Given an array of integers, produce an array whose values are the product of every other integer excluding the current index.

Example:

[4, 3, 2, 8] -> [3*2*8, 4*2*8, 4*3*8, 4*3*2] -> [48, 64, 96, 24]

I came up with below code:

  public static BigInteger[] calcArray(int[] input) throws Exception {
    if (input == null) {
      throw new IllegalArgumentException("input is null");
    }

    BigInteger result[] = new BigInteger[input.length];
    for (int i = 0; i < input.length; i++) {
      result[i] = calculateProduct(input, i);
    }
    return result;
  }

  private static BigInteger calculateProduct(int[] input, int exceptIndex) {
    BigInteger result = BigInteger.ONE;
    for (int i = 0; i < input.length; i++) {
      if (i == exceptIndex) {
        continue;
      }
      result = result.multiply(BigInteger.valueOf(input[i]));
    }
    return result;
  }

Complexity:

Time Complexity: O(n)
Space Complexity: O(n)

Is there any better or efficient way to do this apart from what I have so that complexity can be reduced?


You can optimize it to \$\mathcal{O}(n)\$ by calculating the total product of all elements in the source array, and then looping over the array and dividing the product by each element to get the product excluding that particular element.

Code:

public static BigInteger[] calcArray(int[] input) throws Exception {
      if (input == null) {
        throw new IllegalArgumentException("input is null");
      }

      BigInteger product = calculateProduct(input);
      BigInteger result[] = new BigInteger[input.length];
      for (int i = 0; i < input.length; i++) {
        result[i] = product.divide(BigInteger.valueOf(input[i]));
      }
      return result;
}

private static BigInteger calculateProduct(int[] input) {
      BigInteger result = BigInteger.ONE;
      for (int i = 0; i < input.length; i++) {
          result = result.multiply(BigInteger.valueOf(input[i]));
      }
      return result;
}

EDIT: The above code assumes that none of the numbers is 0 in the input array.

  • \$\begingroup\$ I don't think we can do this without division in O(n). Also, the space complexity cannot be O(1) here since we are using BigInteger array for our result and input is of primitive int type array. So we cannot modify the input array, we need a new array. \$\endgroup\$ – Apoorv Agarwal Oct 10 '18 at 23:18
  • \$\begingroup\$ let's assume if this was not BigInteger array and it was simple primitive input array? \$\endgroup\$ – user5447339 Oct 10 '18 at 23:19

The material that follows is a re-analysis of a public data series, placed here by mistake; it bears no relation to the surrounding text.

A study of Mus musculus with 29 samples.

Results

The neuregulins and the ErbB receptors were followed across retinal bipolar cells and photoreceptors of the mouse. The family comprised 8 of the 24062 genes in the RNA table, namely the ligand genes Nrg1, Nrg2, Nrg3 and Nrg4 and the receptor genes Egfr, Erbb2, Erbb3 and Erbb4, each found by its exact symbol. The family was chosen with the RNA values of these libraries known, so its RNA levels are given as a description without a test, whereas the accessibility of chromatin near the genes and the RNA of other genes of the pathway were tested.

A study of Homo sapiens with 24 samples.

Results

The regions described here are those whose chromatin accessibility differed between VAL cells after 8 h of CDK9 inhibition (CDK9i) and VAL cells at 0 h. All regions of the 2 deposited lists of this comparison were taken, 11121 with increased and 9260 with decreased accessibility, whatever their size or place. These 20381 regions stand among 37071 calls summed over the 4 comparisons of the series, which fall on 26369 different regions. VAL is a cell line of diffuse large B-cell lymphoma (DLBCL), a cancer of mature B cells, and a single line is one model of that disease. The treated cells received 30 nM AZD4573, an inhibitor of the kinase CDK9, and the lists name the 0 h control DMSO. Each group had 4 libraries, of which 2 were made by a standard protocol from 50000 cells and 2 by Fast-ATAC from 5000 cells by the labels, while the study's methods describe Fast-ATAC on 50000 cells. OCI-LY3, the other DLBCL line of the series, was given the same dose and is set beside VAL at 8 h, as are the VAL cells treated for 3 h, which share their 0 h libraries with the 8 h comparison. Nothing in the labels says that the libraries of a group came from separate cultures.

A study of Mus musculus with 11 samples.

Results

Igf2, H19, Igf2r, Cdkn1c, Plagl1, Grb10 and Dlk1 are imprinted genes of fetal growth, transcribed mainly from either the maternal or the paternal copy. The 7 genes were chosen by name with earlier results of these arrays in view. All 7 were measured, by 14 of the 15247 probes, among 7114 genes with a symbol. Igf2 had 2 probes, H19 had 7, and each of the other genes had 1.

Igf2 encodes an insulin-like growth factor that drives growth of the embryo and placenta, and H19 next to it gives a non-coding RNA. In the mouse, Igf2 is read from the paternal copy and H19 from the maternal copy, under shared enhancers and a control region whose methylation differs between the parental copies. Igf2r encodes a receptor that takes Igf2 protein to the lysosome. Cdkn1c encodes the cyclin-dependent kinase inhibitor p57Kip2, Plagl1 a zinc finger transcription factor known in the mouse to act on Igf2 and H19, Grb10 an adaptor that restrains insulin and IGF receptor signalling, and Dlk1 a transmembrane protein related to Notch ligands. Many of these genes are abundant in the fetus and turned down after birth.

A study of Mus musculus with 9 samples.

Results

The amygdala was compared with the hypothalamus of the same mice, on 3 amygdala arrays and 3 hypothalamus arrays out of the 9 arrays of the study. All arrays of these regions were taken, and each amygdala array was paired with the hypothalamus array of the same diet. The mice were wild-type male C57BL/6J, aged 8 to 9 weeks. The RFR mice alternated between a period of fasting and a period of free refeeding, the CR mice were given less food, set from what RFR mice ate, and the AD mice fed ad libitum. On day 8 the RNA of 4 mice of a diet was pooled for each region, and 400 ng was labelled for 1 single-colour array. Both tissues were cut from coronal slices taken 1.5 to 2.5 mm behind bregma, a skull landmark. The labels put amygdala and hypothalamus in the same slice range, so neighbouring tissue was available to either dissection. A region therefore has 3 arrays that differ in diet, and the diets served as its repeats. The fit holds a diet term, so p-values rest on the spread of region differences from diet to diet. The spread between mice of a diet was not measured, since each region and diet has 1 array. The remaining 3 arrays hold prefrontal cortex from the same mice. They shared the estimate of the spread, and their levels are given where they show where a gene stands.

• \$\begingroup\$ Then you can directly modify the input array, like input[i] = product/input[i], so that the solution is in place ( O(1) space complexity ) \$\endgroup\$ – Apoorv Agarwal Oct 10 '18 at 23:20
  • \$\begingroup\$ What if one (or more) of the given integers is zero? \$\endgroup\$ – Martin R Oct 11 '18 at 5:10

To do this in \$\mathcal{O}(n)\$ time without division, make two arrays. In one, calculate an increasing product from left to right. In the other, calculate an increasing product from right to left. You should be able to generate each array in linear time.

private BigInteger[] buildIncreasingArray(int[] numbers) {
    BigInteger[] results = new BigInteger[numbers.length];

    results[0] = BigInteger.ONE;
    for (int i = 1; i < results.length; i++) {
        results[i] = results[i - 1].multiply(BigInteger.valueOf(numbers[i - 1]));
    }

    return results;
}

private BigInteger[] buildDecreasingArray(int[] numbers) {
    BigInteger[] results = new BigInteger[numbers.length];

    results[results.length - 1] = BigInteger.ONE;
    for (int i = results.length - 2]; i >= 0; i++) {
        results[i] = results[i + 1].multiply(BigInteger.valueOf(numbers[i + 1]));
    }

    return results;
}

public BigInteger[] calculateSkipProducts(int[] numbers) {
    if (numbers == null || numbers.length == 0) {
        throw new IllegalArgumentException("input cannot be empty");
    }

    BigInteger[] fromLeft = buildIncreasingArray(numbers);
    BigInteger[] fromRight = buildDecreasingArray(numbers);
    BigInteger[] results = new BigInteger[numbers.length];

    for (int i = 0; i < results.length; i++) {
        results[i] = fromLeft[i].multiply(fromRight[i]);
    }

    return results;
}

This will still be \$\mathcal{O}(n)\$ in space and time if the BigInteger calculations run in constant time. It makes a constant number of arrays (three), so that's still linear in space. It iterates over the arrays a constant number of times (once each), so still linear in time. There's an argument that the BigInteger calculations will be non-constant relative to the size of the input array. So that could increase time and space to something like \$\mathcal{O}(n \log{n})\$.

As already stated, you can only get \$\mathcal{O}(1)\$ in space if you modify the original array and you can only get \$\mathcal{O}(n)\$ in time then if you generate the product and divide.

So you must assume that all the answers will fit in int without overflow and that none of the input are zero if you want constant space and linear time. We can already be sure that int operations each occur in constant time.

It is not necessary for the full product to fit in int. You can store it in a long.

I haven't tested this. Be wary of syntax or bounding errors.

Nothing to do with functionality, but the standard indent in Java is four columns.